PA roads may crumble without new transportation bill, but will voters care?
HARRISBURG – Pavement may crumble and bridges may close, but Pennsylvania lawmakers likely won’t lose their office for not spending billions of dollars in a transportation bill this June.
As a result, his department may have to put weight restrictions on as many as 1,200 bridges across the state.
“That’s due the age the system, the number of bridges we have and the lack of revenue we have to do all of them,” Schoch said.
Without an additional funding package, PennDOT expects to spend about $1.6 billion on construction contracts for road and bridge repairs, down from about $2 billion in 2012.
But whether voters will hold the state legislature accountable for a decrease in road repairs is unclear. According to some polls, while Pennsylvania drivers would like better roads, they’ve got other priorities and are hesitant about higher gas prices to fund them.
A February poll from Franklin and Marshall College found more than four in five registered voters believe the state should spend more on transportation infrastructure. But only two in five supported plans to fund these repairs by uncapping the oil franchise tax, a wholesale tax that could raise gas prices and increases vehicle and driver’s fees.
Those mechanisms were part of a $2.5 billion annual funding package passed by the state Senate that didn’t make it to a floor vote in the House of Representatives.
In May, the same polling institution found roads and infrastructure were the tenth most important issues to voters. Just 2 percent said it was the most important problem facing Pennsylvania, with issues like the state’s economy, job creation, taxes and health care ranking higher.
Terry Madonna, pollster and political science professor for the college’s Center for Politics and Public Affairs, said he doesn’t expect legislators to lose their seats over votes they did, or did not, end up taking on transportation plans.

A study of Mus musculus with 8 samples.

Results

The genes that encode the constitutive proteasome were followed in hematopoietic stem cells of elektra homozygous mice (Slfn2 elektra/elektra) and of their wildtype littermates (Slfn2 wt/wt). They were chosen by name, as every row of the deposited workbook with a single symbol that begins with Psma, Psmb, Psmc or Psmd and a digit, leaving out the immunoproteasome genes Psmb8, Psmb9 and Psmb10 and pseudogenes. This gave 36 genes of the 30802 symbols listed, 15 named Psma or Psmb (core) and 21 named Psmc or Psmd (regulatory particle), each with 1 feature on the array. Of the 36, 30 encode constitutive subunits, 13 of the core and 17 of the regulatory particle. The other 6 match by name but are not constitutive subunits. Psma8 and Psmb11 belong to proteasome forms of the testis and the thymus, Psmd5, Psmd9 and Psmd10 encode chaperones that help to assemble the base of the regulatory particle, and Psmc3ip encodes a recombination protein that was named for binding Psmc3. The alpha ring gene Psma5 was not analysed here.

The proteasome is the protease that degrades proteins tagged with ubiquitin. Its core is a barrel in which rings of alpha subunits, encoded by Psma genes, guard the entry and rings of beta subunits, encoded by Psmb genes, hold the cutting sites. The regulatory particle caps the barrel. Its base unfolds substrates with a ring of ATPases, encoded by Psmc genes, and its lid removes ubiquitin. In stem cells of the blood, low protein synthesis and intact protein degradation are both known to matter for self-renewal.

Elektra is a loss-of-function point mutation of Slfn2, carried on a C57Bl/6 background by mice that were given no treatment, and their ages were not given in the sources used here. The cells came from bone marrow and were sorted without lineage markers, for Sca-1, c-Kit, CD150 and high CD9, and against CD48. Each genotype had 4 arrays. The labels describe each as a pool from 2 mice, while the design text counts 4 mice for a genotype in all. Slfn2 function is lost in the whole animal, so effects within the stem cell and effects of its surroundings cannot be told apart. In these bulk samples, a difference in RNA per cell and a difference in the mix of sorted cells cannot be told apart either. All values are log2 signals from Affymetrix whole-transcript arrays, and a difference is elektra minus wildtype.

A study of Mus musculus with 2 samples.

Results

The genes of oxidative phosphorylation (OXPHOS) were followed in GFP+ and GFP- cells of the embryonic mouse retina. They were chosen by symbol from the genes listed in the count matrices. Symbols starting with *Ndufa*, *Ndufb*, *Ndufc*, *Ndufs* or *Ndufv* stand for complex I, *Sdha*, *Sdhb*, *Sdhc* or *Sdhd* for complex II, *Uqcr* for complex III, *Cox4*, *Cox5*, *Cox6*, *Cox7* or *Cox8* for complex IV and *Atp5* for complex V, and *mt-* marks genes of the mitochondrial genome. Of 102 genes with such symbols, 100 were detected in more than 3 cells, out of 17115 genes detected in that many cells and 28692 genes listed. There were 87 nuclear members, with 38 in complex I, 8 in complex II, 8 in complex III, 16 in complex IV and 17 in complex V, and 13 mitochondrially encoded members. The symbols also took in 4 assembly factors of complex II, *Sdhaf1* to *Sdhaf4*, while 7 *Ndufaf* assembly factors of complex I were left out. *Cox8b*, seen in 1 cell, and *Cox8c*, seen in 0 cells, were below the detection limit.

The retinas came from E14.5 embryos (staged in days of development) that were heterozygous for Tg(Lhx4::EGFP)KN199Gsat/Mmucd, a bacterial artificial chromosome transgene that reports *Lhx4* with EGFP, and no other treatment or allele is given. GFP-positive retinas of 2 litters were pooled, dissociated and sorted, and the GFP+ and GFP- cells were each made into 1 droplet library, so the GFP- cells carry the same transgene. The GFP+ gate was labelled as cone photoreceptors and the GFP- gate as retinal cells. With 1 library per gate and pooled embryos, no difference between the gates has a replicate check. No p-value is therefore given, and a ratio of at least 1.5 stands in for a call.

Political opponents running against them, though, may use the inaction as part of a greater strategy.
“People who want to run against all lawmakers will argue that they’re part of a dysfunctional process,” he said. “That they’re in an institution that doesn’t function, that doesn’t work.”
Some 30 lawmakers have signed pledges against raising taxes or fees. If they had voted for a transportation plan, they may have been accused of violating their oath. But barring any infrastructure-induced tragedies in the state, a lack of funding for new roads alone isn’t enough to boot someone out, Madonna said.
Rather, it’s a piece of a larger problem that some voters might want to change. And, Madonna said if roads continue to worsen to the point that drivers begin to make it more of an issue, it could propel lawmakers to act.
Jenny Robinson, a spokeswoman for AAA Mid-Atlantic, said the organization was disappointed in the result of this latest proposal, but they’re hopeful for future action.
“The issue has been out there for months and it’s disappointing the problem hasn’t been solved,” Robinson said.
Something has to be done, Robinson said, because the state’s infrastructure won’t fix itself: The average bridge in Pennsylvania is around 50 years old. Robinson said drivers may see worse-off roads and more congestion as result of PennDOT’s bridge restrictions and continued wear and tear.
A recent report from TRIP, a national nonprofit research group, found current road conditions in Pennsylvania cost the average driver about $1,646 in annual expenses.
Robinson said AAA will continue to champion funding for road repairs, while urging concerned drivers to do the same.
“If you don’t like the road you drive, if you feel they are too bumpy, too safe, too ineffective, too unsafe, too crowded and you can’t get your businesses done, we urge people to go to their lawmakers,” Robinson said.
If not, some worry about the consequences, those that go beyond the political.
Senate Transportation Minority Chairman John Wozniak, D-Johnstown, who helped draft the proposal, said he is doubtful lawmakers will consider the bill this year. It’s that much closer to the next election, and Wozniak said that may make lawmakers uneasy about casting an affirmative vote for an increase in gas prices.
But, Wozniak said without addressing Pennsylvania roads, the public is at risk for a dangerous incident — such as a bridge collapse.
“It’s not a matter of if,” Wozniak said. “It’s a matter of when. And we’re going to get blamed.”
Contact Melissa Daniels at Melissa@paindependent.com
The Pennsylvania Independent is a public interest journalism project dedicated to promoting open, transparent, and accountable state government by reporting on the activities of agencies, bureaucracies, and politicians in the Commonwealth of Pennsylvania. It is funded by the Franklin Center for Government and Public Integrity, a conservative national nonprofit journalism organization.